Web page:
The GOP’s Reparative Problem

Forty-eight states, including Texas, still allow conversion or reparative ‘therapy,’ better known as the practice of trying to change the sexual orientation of someone who is not heterosexual. Here’s the problem: My sexuality isn’t a phase or something that needs healing.

Many Republicans from the Harris County Republican Party (HCRP), however, have taken the repugnant step of incorporating reparative therapy into their platform, including counseling and psychological treatments that aim to turn people straight—a practice that is condemned by professional organizations such as the American Medical Association and the American Psychological Association. 

The platform is a non-binding set of principles for the party, but it serves as an important political statement, indicating their intolerant view that members of the LGBTQ community have a problem that needs to be ‘cured.’

For years, the Texas GOP’s plank on homosexuality said that “the practice of homosexuality tears at the fabric of society and contributes to the breakdown of the family unit.” This year the party replaced this platform with a plank that also suppresses the rights of the LGBTQ community. The platform now states that homosexuality is a “chosen behavior that is contrary to the fundamental unchanging truths that have been ordained by God in the Bible, recognized by our nation’s founders, and shared by the majority of Texans.”

However, a recent Pew Poll revealed that today, 61 percent of Republicans and Republican-leaning individuals under 30 favor same-sex marriage while just 35 percent oppose it. The truth is that many in the Republican Party, and most of its leaders, are culturally out of touch with life in 2014’s America.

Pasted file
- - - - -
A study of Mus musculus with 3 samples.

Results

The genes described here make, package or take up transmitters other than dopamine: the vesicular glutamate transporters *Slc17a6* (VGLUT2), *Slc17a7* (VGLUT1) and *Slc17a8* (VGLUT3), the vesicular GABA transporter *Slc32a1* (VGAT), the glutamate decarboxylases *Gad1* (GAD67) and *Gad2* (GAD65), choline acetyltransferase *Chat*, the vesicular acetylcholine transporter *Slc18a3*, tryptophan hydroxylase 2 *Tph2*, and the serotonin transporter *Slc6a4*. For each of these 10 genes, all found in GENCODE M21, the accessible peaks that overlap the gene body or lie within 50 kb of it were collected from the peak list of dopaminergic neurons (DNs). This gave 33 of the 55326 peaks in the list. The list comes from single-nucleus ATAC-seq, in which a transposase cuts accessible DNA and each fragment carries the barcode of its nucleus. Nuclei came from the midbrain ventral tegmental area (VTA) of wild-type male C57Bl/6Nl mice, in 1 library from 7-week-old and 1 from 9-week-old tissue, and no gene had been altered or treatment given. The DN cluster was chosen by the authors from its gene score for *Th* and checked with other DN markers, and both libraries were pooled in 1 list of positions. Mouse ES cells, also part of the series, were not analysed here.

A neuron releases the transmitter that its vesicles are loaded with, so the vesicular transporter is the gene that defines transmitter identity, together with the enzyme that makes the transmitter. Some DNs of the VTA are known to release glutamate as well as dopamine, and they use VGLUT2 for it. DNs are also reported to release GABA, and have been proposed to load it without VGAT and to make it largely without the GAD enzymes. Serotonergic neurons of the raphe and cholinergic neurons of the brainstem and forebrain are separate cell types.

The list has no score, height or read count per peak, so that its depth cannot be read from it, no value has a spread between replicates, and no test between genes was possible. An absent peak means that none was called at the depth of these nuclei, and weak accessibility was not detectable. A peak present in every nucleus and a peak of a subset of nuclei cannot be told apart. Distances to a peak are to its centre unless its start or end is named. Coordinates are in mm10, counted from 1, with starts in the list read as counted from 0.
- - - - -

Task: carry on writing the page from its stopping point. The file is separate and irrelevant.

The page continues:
In March, Paul Simpson defeated the longtime chairman of the HCRP in what was a remarkably divisive and high-profile race to head the largest county GOP in the nation. Simpson, a candidate I proudly endorsed, affirmed that to rebuild the party, reform must start from the top. However, we have seen no mention of reconfiguring the values of our party. Days after the midterm election, the state of Texas chose to elect the same Republican candidates who have failed to protect the rights and mental health of LGBTQ youth. 

Simpson has failed the Republicans who support same-sex lifestyles. Even Texas Republican Party Chairman Steve Munisteri has publicly lamented the adoption of language supporting gay conversion therapy and explained that he had been outflanked.

Allowing this practice to continue clearly has harmful effects for LGBTQ youth. Research conducted at San Francisco State University found that “highly rejected” LGBT young people were more than eight times as likely to have attempted suicide than those who had more family support. 

It is important to remember that reparative therapy isn’t really therapy at all; it is simply anti-gay malice. As with any societal prejudice, anti-homosexual bias negatively affects mental health, contributing to an enduring sense of stigma and pervasive self-criticism.

It’s time for the Republican Party to begin to re-invent themselves for the 21st century, beginning with the HCRP. Not only has our state party chairman come out against the endorsement of this widely discredited practice, but so has fellow Republican Governor Chris Christie—a presidential contender for the 2016 race—when he outlawed such therapy in his state.

When I campaigned for, endorsed and voted for Paul Simpson I did so in hopes that he would effect change within the HCRP. My hope is that he will now pivot and work on constructing an inclusive and tolerant party. I have faith in my fellow Republicans to build a bigger tent where we all can thrive. 

Local politics are the most effective. To appeal on a national level to independent voters, young voters and the LGBTQ community, the local party must amend its ossifying image as an old-fashioned refuge for individuals who rebuke modernity itself. Although Christie defines marriage as being between a man and a woman, he stood up for the rights of LGBTQ youth by outlawing conversion therapy, and Simpson should follow in his lead. An acknowledgement of my lifestyle as one that does not need healing and an embrace of my basic human rights, even a partial one, is a great place to start.

Carlos G. Perrett PZ ’18 is from Houston, Tex., and serves as the Republican Chairman of Precinct 181. He is on track to double major in political and secular studies with a concentration in Secular Governments.